Burma’s president, Thein Sein, has declared a state of emergency in the town of Meikhtila and the surrounding region due to ongoing violence between the Muslim and Buddhist population in central Burma.
The violence allegedly began when a Muslim owner of a gold shop got into a dispute with his Buddhist customers. Muslims are now fleeing the area and seeking refuge from marauding Buddhists who have killed an estimated 20 people and have burned homes and at least 5 mosques in the town, according to news reports.
This latest bout of violence is a reminder that despite Burma’s significant political reforms, the country remains either unable or unwilling to sufficiently protect the human rights of minority groups.
In declaring a state of emergency, Sein has allowed the Burmese military to assist the overloaded police force. While many view military assistance as a positive development, the Burmese military has a history of abuse toward the civilian population, including the Muslim community. This latest upheaval is reminiscent of Burma’s Muslim–Buddhist conflict in the Rakhine state just last year, where an estimated 115,000 people were displaced and approximately 100 people died.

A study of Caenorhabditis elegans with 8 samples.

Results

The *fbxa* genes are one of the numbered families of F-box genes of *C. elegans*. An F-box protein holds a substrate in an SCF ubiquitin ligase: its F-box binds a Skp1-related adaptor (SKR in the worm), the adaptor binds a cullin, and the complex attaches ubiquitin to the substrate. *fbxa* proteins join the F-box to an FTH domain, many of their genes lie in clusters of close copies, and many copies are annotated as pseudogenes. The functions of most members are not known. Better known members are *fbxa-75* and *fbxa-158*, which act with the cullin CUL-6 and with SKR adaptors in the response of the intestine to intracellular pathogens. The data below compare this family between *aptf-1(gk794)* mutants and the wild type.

Escalating violence and rioting has led the police to evacuate close to 1,500 people from Meikhtila. A veiled Buddhist monk even put a knife to the neck of one Associated Press photographer and forced him to surrender his camera’s memory stick. Attempts to suppress press freedom are not unusual, but these events demonstrate that despite Burma’s relaxation of media censorship, protection of press freedoms is not a given.
In its effort to respond appropriately to Burma’s reforms, the U.S. must be careful not to get ahead of events. Burma policy must be geared to the long term and maintain enough leverage to influence developments there for the next several years—until reforms are complete. According to Heritage’s Walter Lohman:
What the U.S. should want from Burma is simple: rule of law, respect for internationally recognized human right standards, and stability. This will not happen overnight. At the most realistic levels, the U.S. should want Burma to take demonstrable steps toward developing a genuine democratic system, permitting real political dissent, further loosening restrictions on Aung San Suu Kyi, freeing political prisoners, protecting basic human rights, combating its drug trade, and severing its ties with North Korea.
The U.S. should not fully lift sanctions on Burma until it has a proven track record of upholding the rule of law and ensuring safety and security for the myriad of minority groups in the country. Recent developments are indication that, in fact, the Obama Administration has already gone too far.